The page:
Three bottles: Neal Martin

From December 2002 to December 2004 I worked on the other side of St James’s Street.  The side that traffic now goes up on.  I learned a great deal about Burgundy, the Upper Classes and, ironically enough, how to speak corporate lingo (park up those ideas; let me show you the organogram).  At the same time I developed a very strong view on men who wear red cords and, more to the point, I met/discovered Neal Martin, both the man and the nascent wine-journal.

Critics, journos, whatever you want to call them, tend to provoke fairly strong comments from those in the trade.  Mister Parker is the most obvious: regaled and derided in equal measure (I’m not on the fence here; I’m in the former camp).  Jancis the same.  James Suckling: Marmite.  And Neal too, though not quite so in extremis as Mr Suckling.  But how many ENGLISH people can you name who review serious wine?  Jancis Robinson and Neal Martin are the only two English names that customers mention at en-primeur time.

I’m asked at least once a month: “what happens when Parker retires?”.  The long answer is simply too long.  The short answer is the answer to the short question: “Who’s next?”.  And  I’d have some money on Neal.

So, the answers:

1) What was the first wine that got you into it?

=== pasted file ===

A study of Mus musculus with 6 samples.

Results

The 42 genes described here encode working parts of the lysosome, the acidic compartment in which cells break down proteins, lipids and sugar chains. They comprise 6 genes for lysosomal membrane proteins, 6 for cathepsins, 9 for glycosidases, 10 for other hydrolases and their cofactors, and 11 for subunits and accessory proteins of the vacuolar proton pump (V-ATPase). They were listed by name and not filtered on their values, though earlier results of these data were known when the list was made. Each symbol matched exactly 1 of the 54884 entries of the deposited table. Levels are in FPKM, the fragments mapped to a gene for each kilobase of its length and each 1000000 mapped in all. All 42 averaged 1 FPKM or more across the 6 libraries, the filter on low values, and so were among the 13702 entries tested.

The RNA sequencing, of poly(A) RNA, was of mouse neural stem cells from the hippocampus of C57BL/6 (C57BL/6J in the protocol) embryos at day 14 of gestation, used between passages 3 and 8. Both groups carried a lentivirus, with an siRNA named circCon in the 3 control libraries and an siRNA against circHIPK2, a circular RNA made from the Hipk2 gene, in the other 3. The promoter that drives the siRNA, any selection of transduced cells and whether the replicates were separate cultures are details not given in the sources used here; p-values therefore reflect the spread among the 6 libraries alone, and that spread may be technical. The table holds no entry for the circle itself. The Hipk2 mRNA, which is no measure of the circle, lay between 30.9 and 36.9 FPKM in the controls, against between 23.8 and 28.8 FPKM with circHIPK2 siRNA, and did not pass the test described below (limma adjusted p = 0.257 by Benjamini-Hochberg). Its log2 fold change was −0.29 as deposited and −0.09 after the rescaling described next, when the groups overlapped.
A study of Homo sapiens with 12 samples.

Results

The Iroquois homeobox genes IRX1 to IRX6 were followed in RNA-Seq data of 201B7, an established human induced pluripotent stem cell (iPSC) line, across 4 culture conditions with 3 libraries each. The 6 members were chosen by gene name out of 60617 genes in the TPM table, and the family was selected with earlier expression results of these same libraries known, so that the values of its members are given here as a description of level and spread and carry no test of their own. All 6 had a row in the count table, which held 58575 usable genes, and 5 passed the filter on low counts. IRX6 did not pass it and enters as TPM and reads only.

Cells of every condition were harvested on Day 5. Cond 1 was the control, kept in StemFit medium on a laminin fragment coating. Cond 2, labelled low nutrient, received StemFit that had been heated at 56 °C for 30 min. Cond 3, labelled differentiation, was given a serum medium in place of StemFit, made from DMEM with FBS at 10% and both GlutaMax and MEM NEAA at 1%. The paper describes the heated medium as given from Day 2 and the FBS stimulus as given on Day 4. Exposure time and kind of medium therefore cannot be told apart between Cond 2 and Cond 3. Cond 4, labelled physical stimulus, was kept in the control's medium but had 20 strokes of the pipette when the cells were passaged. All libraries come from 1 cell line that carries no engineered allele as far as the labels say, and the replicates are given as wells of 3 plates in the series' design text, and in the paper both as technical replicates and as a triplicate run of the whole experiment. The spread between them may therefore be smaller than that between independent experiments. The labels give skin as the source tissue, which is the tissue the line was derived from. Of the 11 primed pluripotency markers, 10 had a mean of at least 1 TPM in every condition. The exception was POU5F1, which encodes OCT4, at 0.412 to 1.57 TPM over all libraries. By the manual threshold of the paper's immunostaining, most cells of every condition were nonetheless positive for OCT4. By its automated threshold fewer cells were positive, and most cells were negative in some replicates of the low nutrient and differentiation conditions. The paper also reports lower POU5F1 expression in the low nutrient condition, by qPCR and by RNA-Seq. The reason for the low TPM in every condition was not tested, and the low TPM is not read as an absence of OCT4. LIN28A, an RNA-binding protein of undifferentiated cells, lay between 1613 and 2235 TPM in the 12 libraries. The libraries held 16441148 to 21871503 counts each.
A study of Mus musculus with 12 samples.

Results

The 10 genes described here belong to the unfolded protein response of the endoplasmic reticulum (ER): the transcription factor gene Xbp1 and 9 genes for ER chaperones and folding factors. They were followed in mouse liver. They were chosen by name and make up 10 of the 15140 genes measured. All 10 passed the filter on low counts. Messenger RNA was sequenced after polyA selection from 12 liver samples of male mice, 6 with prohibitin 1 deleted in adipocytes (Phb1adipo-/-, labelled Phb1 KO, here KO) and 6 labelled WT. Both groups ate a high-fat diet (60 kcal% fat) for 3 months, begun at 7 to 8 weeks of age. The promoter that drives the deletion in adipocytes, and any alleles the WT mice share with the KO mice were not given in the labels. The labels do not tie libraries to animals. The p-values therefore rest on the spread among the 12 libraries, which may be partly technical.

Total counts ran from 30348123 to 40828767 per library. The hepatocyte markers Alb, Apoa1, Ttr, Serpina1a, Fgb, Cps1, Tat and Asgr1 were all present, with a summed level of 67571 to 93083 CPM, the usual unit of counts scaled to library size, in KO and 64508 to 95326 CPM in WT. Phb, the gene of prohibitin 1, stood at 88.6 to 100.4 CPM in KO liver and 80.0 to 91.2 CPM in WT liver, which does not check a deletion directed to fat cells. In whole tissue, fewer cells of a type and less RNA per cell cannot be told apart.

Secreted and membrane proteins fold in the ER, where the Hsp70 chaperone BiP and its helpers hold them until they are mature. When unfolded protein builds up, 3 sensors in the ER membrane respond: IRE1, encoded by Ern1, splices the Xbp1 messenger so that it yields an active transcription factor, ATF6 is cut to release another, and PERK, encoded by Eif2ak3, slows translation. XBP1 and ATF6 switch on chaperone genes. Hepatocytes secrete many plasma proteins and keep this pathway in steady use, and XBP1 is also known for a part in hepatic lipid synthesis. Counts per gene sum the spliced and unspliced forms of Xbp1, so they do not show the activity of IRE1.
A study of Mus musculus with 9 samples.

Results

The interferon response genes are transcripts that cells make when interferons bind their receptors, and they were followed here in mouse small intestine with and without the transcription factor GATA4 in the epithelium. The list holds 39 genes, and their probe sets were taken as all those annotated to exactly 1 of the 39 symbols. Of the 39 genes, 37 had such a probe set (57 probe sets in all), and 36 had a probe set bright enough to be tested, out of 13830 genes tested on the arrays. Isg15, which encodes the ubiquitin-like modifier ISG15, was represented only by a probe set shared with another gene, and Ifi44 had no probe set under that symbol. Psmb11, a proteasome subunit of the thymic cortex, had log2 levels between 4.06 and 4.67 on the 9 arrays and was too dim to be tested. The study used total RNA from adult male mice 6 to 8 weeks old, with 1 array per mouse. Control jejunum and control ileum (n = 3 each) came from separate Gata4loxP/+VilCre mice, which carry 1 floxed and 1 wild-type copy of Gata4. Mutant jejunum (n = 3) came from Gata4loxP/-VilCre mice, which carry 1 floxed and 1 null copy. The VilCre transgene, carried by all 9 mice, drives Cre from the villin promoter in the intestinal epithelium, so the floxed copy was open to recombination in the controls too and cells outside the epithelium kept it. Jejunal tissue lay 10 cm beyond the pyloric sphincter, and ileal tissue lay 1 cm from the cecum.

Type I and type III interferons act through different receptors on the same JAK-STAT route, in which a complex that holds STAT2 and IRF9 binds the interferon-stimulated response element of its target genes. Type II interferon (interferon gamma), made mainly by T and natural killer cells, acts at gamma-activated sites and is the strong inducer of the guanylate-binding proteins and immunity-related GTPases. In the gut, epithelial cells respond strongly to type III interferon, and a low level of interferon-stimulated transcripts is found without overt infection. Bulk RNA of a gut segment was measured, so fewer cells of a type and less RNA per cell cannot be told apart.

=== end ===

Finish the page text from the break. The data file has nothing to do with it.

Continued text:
Chateau Montrose 1982 at a lunch at Corney & Barrow. That is the wine when I thought: “Hmm…this beats insurance as a career.”

2) What was the first wine that took you closer to your maker?

I have had a few obvious ones, but perhaps the Grands Echezeaux 1962 from DRC. Severely ullaged so bought with a nice discount, opened with Mrs. M and a friend who was doing the design for my old website in the kitchen of my rabbit hutch/flat in West Norwood. No expectations and it was just mind-blowing.

3) What’s the best wine you’ve had this year?

There’s two wines that bought to mind the word: “Perfection”, namely the Hermitage La Chapelle 1949 from Jaboulet, which is probably the best Rhône I have ever tasted. Secondly, a magnum of Château l’Eglise-Clinet 1955, the last remaining bottle that was in Denis Durantou’s family cellar. The Château Gruaud Larose 1831 was a bit nifty as well given its age and the VCC 1948 last Thursday once again, reminded me that this beats insurance as a career.

I thank Neal for his answers.  The current incarnation of Wine Journal is here.